A municipal bond fund yesterday elected simultaneously to fire and not to fire UBS Global Asset Management Inc. as its adviser.

A coup of dissident shareholders in the closed-end Investment Grade Municipal Income Fund Inc. sought to wrest control of the fund from the embattled investment bank.

In a proxy vote at the fund's annual meeting Thursday, a proposal to terminate the fund's advisory agreement with UBS failed to obtain the required two-thirds majority.

A proposal to renew the contract with UBS also failed.

A precatory, or advisory, proposal for the fund not to retain UBS passed by a narrow majority, the fund said.

The fund for now is keeping UBS as its adviser, and said it will "carefully consider the recommendation in light of these results."

Some of the fund's biggest institutional shareholders, including Western Investment LLC and Karpus Management Inc., launched a proxy battle over the fund last year.

The shareholders' complaints focused on UBS AG' legal travails and on the discrepancy between the value of the fund's assets and the price the fund's shares commanded on the New York Stock Exchange.

While shares of closed-end funds often trade at discounts to their net asset values, the shareholders argued the Investment Grade Municipal Income Fund's discount was unusually steep.

The shareholders asserted this discount represented the market's skepticism that the fund's board would take steps to maximize the value of the fund, which has $193.3 million in assets.

The shareholders advocated booting UBS and considering liquidating some assets or "open-ending" the fund - meaning convert to a mutual fund that shareholders could redeem at net asset value.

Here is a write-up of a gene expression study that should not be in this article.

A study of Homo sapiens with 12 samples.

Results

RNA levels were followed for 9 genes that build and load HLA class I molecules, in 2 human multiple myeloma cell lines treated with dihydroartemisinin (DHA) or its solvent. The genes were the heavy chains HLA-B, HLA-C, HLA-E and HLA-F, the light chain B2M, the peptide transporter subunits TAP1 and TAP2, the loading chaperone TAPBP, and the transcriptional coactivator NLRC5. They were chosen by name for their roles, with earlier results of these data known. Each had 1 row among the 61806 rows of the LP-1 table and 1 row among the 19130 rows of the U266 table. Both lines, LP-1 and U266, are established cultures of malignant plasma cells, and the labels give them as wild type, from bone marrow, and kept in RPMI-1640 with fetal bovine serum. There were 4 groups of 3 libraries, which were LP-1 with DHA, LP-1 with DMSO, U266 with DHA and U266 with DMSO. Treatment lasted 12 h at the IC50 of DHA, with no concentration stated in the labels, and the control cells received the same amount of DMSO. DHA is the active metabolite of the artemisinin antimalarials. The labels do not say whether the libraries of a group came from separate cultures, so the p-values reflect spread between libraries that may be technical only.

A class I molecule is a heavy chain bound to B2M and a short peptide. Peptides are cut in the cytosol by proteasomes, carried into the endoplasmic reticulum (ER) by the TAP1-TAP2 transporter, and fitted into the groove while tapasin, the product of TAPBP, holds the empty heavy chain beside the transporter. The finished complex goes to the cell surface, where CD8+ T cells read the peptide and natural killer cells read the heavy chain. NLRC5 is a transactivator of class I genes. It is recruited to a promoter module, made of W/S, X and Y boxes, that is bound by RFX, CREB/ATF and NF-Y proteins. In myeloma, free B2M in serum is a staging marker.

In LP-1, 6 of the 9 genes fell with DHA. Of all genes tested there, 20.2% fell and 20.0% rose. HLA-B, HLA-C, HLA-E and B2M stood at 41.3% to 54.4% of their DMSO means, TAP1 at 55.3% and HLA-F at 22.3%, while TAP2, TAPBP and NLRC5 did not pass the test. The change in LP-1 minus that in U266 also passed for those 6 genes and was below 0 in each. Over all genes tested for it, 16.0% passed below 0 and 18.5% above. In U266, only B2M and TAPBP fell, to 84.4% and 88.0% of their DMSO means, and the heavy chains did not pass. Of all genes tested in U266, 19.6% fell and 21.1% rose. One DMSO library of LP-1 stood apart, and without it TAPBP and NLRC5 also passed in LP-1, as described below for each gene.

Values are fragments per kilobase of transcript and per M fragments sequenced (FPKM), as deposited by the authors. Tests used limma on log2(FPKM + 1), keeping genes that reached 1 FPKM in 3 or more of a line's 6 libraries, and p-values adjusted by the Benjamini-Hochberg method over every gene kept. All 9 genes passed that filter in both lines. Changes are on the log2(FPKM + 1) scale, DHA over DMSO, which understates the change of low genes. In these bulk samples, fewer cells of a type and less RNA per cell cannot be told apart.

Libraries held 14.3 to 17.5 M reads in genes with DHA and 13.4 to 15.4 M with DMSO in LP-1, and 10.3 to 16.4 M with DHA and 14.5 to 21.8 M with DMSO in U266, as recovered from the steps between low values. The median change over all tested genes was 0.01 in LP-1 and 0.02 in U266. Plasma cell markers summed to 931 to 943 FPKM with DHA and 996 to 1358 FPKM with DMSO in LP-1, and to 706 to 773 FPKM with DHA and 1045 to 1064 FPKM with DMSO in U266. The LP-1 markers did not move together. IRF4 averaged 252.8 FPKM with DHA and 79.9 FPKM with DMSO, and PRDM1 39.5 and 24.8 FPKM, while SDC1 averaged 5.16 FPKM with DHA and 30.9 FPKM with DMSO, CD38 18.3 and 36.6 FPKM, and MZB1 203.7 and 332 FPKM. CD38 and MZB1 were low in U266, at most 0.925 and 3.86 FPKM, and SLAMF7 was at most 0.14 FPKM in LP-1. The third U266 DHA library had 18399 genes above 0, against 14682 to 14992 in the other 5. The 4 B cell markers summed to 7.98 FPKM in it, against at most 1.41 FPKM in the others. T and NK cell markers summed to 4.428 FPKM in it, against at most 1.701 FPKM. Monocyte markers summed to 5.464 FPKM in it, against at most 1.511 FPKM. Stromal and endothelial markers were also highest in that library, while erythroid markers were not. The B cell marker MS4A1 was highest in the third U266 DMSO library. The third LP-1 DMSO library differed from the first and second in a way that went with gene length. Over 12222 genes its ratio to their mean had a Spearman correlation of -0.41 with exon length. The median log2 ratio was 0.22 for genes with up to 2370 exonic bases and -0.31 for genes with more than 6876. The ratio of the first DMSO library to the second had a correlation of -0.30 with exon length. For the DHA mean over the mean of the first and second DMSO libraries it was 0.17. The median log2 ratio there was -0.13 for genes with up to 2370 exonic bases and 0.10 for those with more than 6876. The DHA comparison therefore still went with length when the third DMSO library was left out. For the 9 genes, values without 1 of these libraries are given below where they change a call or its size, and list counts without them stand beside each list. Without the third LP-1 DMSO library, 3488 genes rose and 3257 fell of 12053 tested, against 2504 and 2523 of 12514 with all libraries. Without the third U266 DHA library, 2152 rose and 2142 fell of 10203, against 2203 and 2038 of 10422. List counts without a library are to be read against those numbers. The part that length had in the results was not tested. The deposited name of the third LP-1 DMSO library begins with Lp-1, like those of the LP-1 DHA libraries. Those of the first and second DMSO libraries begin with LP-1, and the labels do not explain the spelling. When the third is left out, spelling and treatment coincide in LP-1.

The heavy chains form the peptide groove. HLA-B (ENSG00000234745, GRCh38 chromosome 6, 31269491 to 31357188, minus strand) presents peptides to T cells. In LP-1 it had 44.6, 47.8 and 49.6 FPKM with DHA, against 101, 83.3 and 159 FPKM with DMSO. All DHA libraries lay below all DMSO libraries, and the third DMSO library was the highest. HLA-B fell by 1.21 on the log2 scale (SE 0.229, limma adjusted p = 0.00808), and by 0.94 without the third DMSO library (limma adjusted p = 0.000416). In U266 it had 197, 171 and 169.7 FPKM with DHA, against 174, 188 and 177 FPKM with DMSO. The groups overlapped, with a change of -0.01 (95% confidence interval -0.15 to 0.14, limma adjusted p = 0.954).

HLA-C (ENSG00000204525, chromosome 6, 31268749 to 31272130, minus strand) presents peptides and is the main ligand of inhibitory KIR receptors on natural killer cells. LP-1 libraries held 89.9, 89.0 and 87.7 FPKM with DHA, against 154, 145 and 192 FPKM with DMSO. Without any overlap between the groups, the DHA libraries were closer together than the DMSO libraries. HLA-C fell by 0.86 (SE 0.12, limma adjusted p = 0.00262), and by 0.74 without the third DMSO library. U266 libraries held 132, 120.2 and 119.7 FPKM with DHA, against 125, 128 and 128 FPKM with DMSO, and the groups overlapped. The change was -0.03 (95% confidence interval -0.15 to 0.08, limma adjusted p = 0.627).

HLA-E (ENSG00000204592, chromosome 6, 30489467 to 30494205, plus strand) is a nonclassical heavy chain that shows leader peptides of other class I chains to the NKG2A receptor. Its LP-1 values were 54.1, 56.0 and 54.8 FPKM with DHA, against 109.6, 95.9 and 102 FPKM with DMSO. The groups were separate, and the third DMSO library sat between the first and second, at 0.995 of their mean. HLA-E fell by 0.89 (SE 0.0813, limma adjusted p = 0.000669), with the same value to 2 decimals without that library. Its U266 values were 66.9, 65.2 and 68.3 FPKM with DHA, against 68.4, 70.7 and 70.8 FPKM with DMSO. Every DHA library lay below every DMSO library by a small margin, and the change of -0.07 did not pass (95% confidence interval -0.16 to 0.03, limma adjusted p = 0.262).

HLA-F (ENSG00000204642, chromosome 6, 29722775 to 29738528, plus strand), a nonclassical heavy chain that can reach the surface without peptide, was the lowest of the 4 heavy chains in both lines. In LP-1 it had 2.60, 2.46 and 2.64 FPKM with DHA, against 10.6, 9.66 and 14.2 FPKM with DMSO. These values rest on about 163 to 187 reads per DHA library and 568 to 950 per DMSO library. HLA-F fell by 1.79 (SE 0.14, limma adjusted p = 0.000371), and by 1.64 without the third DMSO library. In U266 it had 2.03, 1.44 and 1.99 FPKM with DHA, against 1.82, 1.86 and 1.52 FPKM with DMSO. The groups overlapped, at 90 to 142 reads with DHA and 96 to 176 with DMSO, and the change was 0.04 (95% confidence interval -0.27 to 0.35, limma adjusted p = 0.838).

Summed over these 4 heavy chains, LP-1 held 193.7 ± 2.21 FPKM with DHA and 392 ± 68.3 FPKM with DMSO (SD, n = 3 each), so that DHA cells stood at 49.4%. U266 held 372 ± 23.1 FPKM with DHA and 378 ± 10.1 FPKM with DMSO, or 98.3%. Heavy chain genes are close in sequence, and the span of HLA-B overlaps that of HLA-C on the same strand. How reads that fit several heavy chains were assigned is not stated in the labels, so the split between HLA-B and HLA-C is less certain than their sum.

UBS argued that liquidating or open-ending the fund would reward raider hedge funds at the expense of long-term shareholders.

Cecilia L. Gondor, executive vice president at Thomas J. Herzfeld Advisors Inc., said much of the confusion in Thursday's vote likely stems from the apathy of some of the shareholders of the fund's 1,800 auction-rate preferred shares.

Like many closed-end funds, Investment Grade Municipal Fund supplement the capital raised from selling common shares by borrowing money through ARPS.

Many investors in ARPS, whose interest rates reset regularly at auctions, thought they were putting money into something conservative, along the lines of a money-market fund, Gondor said.

They did not expect to become embroiled in a shareholder dispute, and often do not even open mail from the fund, she said.

The fund nominated four board members for election by all shareholders and two for election by ARPS holders.

The four incumbents up for election by all shareholders were re-elected. Not enough ARPS holders showed up to form a quorum to elect the remaining two.

The meeting was adjourned until Jan. 21 at 10 a.m. Only the election of the two board members representing ARPS shareholders will be considered at the meeting, the fund said.

These results are preliminary and subject to approval by IVS Associates Inc., which is inspecting the election, the fund said.